Welcome to the forum. There is no need to post all of those graphs as it tends to delay the post from showing up. The second last one you posted is the best. But you should click on that triangle beside the date to suppress the monthly calendar so more details show on the left.
Yes, you do have some issues with central apnea if this night is typical. With an APAP pressure does not work to resolve CA events and unfortunately can make them worse. My thoughts based on your graph would be to increase your minimum pressure to 6 cm, and reduce your maximum to 7 cm. This will limit the pressure that the machine will use. The Ramp start pressure should be increased to 6 cm to make it easier to breathe if you wake up in the night.
Those are my initial thoughts. The other approach would be to switch to a fixed pressure CPAP mode and set the pressure at 6 cm. If you continue to have CA events you could slowly reduce that pressure in say 0.6 cm steps to see how low you can go.
Do you know from your sleep study how much of what type of sleep apnea was recorded?
Thanks for the reply and tips. Here are my sleep study results:
SLEEP STUDY INTERPRETATION
The total time in bed was 485 minutes of which 420 minutes were spent asleep, yielding a sleep efficiency of 86%. The latencies to sleep and stage N2 were both markedly prolonged, likely contributing to the borderline REM latency of 60 minutes. There were 33 arousals, resulting in an arousal index of 4. Stage N1 sleep time was prolonged, comprising 34 minutes or 8% of total sleep time. Soft snoring was heard when the patient slept in both the lateral and supine positions. Four non-arousing myoclonic events were noted, the frequency of which did not reach clinical significance. No electrocardiographic abnormalities were observed associated with an average heart rate of 74 BPM. There were 5 obstructive apneas and 59 hypopneas, the frequency of which increased when the patient slept supine. The apnea/hypopnea index was 9 and the supine AHI was 22. The average oxygen saturation was 95% and there were REM related repetitive, sawtooth pattern desaturations to as low as 81%.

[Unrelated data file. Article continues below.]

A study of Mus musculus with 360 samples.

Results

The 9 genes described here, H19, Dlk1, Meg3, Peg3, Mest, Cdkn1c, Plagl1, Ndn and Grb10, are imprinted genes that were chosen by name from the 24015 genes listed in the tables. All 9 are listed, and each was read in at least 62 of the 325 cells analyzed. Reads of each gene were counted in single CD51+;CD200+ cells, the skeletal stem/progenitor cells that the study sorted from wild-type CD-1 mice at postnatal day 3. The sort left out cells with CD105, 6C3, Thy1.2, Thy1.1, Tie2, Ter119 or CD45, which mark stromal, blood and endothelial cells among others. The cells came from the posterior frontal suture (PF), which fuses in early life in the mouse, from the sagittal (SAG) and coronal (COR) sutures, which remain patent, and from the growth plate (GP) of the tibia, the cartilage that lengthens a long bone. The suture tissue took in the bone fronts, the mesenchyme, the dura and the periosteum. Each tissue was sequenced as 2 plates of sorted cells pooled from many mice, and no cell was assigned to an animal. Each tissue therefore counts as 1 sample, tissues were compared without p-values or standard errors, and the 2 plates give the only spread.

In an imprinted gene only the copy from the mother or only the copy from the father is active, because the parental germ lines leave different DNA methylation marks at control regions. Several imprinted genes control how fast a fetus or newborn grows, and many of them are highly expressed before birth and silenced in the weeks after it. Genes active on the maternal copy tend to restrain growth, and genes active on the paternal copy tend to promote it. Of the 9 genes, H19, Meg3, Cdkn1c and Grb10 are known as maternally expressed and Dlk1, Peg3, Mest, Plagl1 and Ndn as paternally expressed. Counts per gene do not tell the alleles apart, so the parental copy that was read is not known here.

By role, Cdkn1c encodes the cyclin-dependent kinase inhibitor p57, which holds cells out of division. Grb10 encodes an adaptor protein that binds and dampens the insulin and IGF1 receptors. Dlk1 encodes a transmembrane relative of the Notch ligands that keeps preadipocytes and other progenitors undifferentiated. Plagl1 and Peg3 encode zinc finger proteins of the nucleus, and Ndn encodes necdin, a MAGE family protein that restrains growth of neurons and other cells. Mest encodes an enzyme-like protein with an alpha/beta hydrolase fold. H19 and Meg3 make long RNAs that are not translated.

IMPRESSION: There is evidence of a mild obstructive sleep apnea syndrome, the severity of which worsens when the patient sleeps supine, associated with soft snoring, frequent arousals and REM related repetitive oxygen desaturation. CPAP was not applied due to the underlying relatively low AHI. This patient may, however, benefit from CPAP application or alternative therapy. Clinical correlation is advised.
The good news here is that there were no CA events detected during the sleep study. You therefore must have "treatment emergent" central apnea, or in other words created by the treatment pressure. In most cases these go away after 8 weeks or so of treatment. But, if they don't you probably want to focus on getting the pressure down to avoid them. The best way may be going to a fixed CPAP mode and fixed pressure.
One more question: If I am going on a fixed CPAP pressure mode, should I turn off EPR?
Whether EPR helps or hurts seems to be dependent on the individual. I have found that if I set my EPR to be Ramp Only (it shuts off at the end of the ramp) my hypopnea event frequency is higher. If I have it set to Full Time and at 2 cm, my apnea events nearly go to zero. I noticed that in your sleep test you had high hypopnea event frequency, and now in the one night you posted you don't have any with EPR on. That would suggest EPR is helping you. But, it can be worth while to try it on, and off to see what works best for you. Having it on during the Ramp can be more comfortable.
I also suffer from high CA event frequency, but my apnea is mixed which means I have both CA and OA. That can be difficult to treat as more pressure helps with OA but makes CA worse. Once you go to a fixed pressure about all you can do is try different pressures to see what works best for you. I would try changes of 0.6 cm at first to see what is best and then when you get it narrowed down, fine tune it with 0.2 cm steps.